EDD fraud: IE woman's stolen information used to collect thousands in unemployment benefits

A Riverside mother is hoping that store surveillance video of a theft will produce a suspect and raise awareness about a new fraud sweeping the country.
RIVERSIDE, Calif. (KABC) -- A Riverside mother is hoping that store surveillance video of a theft will produce a suspect and raise awareness about a new fraud sweeping the country.

The victim had $500 cash, her ID and her social security card inside the pocketbook which was lifted from a counter at a San Bernardino discount store.

"I could barely afford anything as it is. And I work two jobs and it is hard," says Erika, who didn't want to use her last name for fear that the thief would seek revenge for being outed.


Erika and her sister contacted the Employment Development Department and learned that her ID and social security number had been used to apply for unemployment benefits. They say that according to a hotline operator, a fraudster had collected thousands of dollars in a matter of weeks.

If identity thieves have a significant amount of information, claims can still be processed and paid out before the scam is uncovered, according to an EDD spokesperson.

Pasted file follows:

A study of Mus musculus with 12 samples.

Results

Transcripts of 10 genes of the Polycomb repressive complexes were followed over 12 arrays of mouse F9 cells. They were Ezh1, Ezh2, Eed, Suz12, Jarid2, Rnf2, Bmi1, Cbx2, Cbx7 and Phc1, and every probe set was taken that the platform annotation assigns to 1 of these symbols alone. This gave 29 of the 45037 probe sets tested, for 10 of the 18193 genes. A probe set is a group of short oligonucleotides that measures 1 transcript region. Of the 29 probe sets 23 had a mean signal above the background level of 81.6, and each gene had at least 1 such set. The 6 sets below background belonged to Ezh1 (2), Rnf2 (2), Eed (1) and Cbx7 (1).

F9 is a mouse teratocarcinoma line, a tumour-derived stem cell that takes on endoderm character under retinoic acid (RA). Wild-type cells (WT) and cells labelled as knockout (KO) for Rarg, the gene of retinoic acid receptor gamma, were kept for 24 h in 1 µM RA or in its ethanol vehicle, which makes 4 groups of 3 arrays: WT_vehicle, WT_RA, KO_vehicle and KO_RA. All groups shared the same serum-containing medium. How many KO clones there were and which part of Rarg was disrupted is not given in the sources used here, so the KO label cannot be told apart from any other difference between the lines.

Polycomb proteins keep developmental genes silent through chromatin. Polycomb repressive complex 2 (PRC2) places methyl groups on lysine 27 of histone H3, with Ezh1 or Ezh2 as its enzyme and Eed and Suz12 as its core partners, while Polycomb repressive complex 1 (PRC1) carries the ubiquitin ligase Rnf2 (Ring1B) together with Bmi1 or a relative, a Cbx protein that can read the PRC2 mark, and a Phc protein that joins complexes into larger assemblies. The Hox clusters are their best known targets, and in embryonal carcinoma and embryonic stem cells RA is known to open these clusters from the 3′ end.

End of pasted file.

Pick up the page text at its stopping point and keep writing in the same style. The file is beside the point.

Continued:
EDD fraud is growing as criminals find new tricks to get personal information. Los Angeles City Attorney Mike Feuer underscores the fraud warnings issued by the IRS, the Social Security Administration and the Federal Trade Commission about the swindle that is happening across the country.

The Facebook post had an impact. To Erika's amazement, before the San Bernardino Police Department even started on an investigation, her cards were returned in the mail.

"What the heck? What happened? They said 'They returned your ID, social and your cards, just not the wallet.' I was like, wow. Social media did work," says Erika.

To help her recover, a GoFundMe page was set up: "Help Replace Single Mom's Wallet." Even though she works seven days a week at two jobs, she says she can't earn her way out of this one.

Erika says she's baffled at how the scammers were able to get EDD funds so fast. She says her mother filed for benefits months ago with a legitimate claim but so far has not received a penny.